India and the United Kingdom have agreed on over 9 billion pounds ($13.7 billion) in commercial deals, and concluded negotiations over a civil nuclear deal that seeks to increase bilateral cooperation in the field of civil and military technology and nuclear research projects. The announcement came on the first day of Indian Prime Minister Narendra Modi’s visit to the U.K., even as protests over a perceived rise in intolerance back home threatened to overshadow the trip.

“The two Prime Ministers welcomed the successful conclusion of negotiations on a bilateral Civil Nuclear Co-operation Agreement providing a framework for further cooperation, and announced the signing of a MoU between the UK and the Indian Department for Atomic Energy to encourage joint training and experience sharing on Civil Nuclear with the Indian Global Centre for Nuclear Energy Partnership,” Modi and his British counterpart David Cameron said, in a joint statement released Thursday.

In a separate statement, the U.K. government listed out over 20 other deals and collaborations between Indian and British companies, including a 2 billion pound investment in India by British solar energy generator Lightsource Renewable Energy over the next five years, and an additional 1.3 billion pound investment by telecom operator Vodafone -- which is currently the second-largest mobile network operator in India.

Media reports published ahead of Modi’s visit -- the first by an Indian prime minister in nearly a decade -- also indicated that the Indian government was looking to buy 20 Hawk training aircraft, worth up to $450 million, from BAE Systems Plc. However, details of such a deal have not yet been officially announced.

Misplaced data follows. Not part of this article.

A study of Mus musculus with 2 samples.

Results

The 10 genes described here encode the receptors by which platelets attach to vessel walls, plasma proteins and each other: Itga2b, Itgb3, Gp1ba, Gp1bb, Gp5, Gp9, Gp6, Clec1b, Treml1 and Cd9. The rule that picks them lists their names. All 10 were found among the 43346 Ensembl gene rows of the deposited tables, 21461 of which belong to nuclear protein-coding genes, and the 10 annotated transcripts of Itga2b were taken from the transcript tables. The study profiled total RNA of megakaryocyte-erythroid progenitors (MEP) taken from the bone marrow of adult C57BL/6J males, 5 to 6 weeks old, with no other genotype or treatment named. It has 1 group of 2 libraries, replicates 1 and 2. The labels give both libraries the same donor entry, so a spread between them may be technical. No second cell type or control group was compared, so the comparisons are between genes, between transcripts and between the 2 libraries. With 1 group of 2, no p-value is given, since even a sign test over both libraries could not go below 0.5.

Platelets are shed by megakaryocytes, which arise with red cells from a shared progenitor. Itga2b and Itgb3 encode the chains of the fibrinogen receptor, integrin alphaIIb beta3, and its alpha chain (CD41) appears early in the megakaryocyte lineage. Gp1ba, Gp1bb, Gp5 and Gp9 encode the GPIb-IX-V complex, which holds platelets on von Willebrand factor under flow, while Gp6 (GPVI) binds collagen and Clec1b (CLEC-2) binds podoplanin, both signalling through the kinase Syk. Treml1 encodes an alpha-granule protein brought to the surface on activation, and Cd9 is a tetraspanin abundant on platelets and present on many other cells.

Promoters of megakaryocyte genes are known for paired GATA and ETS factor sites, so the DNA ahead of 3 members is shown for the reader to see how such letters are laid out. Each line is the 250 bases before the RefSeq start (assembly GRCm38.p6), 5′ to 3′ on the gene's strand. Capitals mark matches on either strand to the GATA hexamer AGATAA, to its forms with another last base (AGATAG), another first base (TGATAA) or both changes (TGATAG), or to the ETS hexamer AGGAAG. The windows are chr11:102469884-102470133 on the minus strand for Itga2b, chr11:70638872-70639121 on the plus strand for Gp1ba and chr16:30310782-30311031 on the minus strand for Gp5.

“The agreements between India and U.K. strengthen the U.K.’s position in sectors including insurance services, finance, healthcare and energy,” Cameron’s office said, in a statement.

The two countries also pledged to increase collaboration on a range of issues, including finance, defense, climate change and counterterrorism.


Modi’s trip has been overshadowed by protests by activist groups that accused him of “unleashing of a violent authoritarian agenda” in the country. Ahead of the Indian prime minister’s London trip, activists belonging to the U.K.-based Awaaz Network said that they projected an image of Modi along with the words “Not Welcome” and a swastika-style “om” symbol on the Palace of Westminster Sunday night. And, on Thursday, over 200 writers signed an open letter that urged Cameron to address free speech concerns and the “rising climate of fear” in India.

Over the past month, 40 Indian novelists, poets and playwrights have returned the prize awarded to them by the Sahitya Akademi -- India’s National Academy of Letters -- to protest the killings of writers and activists critical of established religions -- including Hinduism -- and the Modi-led government’s apparent silence on the issue.

Speaking at a news conference Thursday, Modi briefly touched upon the issue said that his administration “does not tolerate such incidents at all.”

“India is the land of Gandhi. It is deeply entrenched in our culture and tradition that we do not accept intolerance in any form,” Modi said. “India is a vibrant democracy and we are committed to protect the rights granted to every citizen under the country’s constitution.”